Homeowners associations (HOA) are common in some single-family housing developments, as well as condominium and townhouse complexes. An HOA is the governing body of the development or complex.
Membership Is Mandatory
When you buy a property governed by a homeowners association, you automatically become a member of the association. You don't have the choice of not joining. The purchase of your home becomes a contract with the HOA. You agree that you'll obey all the HOA rules.
Rules for Homeowners
HOA rules are called covenants, conditions, and restrictions (CC&R). CC&Rs usually apply to both you and your home. They might cover what color you can paint your home, what you can plant in your yard, how many cars you can own and park, and whether you can own a pet. There are usually noise restrictions as well. Rules differ, so carefully study the CC&Rs before you buy.
There Are Penalties for Breaking the Rules
When rules are broken, many HOAs punish homeowners. Many HOAs are corporations. As such, they are legal entities that can enforce contracts with their homeowners. The usual penalty for breaking a rule is a fine. If you refuse to pay, the HOA can take other steps, such as forcing the sale of your home.
You Must Pay Dues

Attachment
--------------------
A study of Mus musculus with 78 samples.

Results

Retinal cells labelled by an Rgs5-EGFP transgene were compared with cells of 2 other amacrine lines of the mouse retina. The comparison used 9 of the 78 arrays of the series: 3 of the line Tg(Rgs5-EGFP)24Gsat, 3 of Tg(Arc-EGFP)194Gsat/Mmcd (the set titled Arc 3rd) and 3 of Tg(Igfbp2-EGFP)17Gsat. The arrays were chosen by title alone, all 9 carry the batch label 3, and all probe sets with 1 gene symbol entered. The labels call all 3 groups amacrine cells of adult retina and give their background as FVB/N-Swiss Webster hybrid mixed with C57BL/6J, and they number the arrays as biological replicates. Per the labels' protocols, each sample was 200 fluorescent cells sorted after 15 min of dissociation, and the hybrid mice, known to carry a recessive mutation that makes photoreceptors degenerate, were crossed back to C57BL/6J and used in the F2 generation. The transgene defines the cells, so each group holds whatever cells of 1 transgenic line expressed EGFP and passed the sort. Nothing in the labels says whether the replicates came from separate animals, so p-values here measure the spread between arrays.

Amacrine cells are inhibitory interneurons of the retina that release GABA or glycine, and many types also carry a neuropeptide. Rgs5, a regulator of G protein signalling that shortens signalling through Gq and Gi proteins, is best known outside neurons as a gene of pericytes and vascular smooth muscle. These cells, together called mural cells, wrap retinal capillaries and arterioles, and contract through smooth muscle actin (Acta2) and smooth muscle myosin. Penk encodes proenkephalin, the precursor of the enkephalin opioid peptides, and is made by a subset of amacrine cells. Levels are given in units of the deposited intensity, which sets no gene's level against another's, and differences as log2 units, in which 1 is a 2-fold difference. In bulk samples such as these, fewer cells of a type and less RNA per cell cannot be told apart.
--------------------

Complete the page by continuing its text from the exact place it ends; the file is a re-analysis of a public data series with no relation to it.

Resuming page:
Homeowners in a covenant-controlled development usually pay association fees or dues, either monthly or yearly, as part of their membership. HOAs use this money for maintenance of common areas used by all the homeowners, such as walking paths, swimming pools, or recreation centers.
Advantages of HOAs
HOAs balance their restrictions with advantages. If all the homeowners follow the rules, you will never have a nuisance neighbor. Your property value, based partly on neighborhood condition, will be stable. You will have access to luxurious amenities, like a pool, golf course, or recreation center. You will have a voice and a vote in a defined community.
A Real Estate Lawyer Can Help
The law surrounding homeowners associations is complicated. Plus, the facts of each case are unique. This article provides a brief, general introduction to the topic. For more detailed, specific information, please contact a real estate lawyer.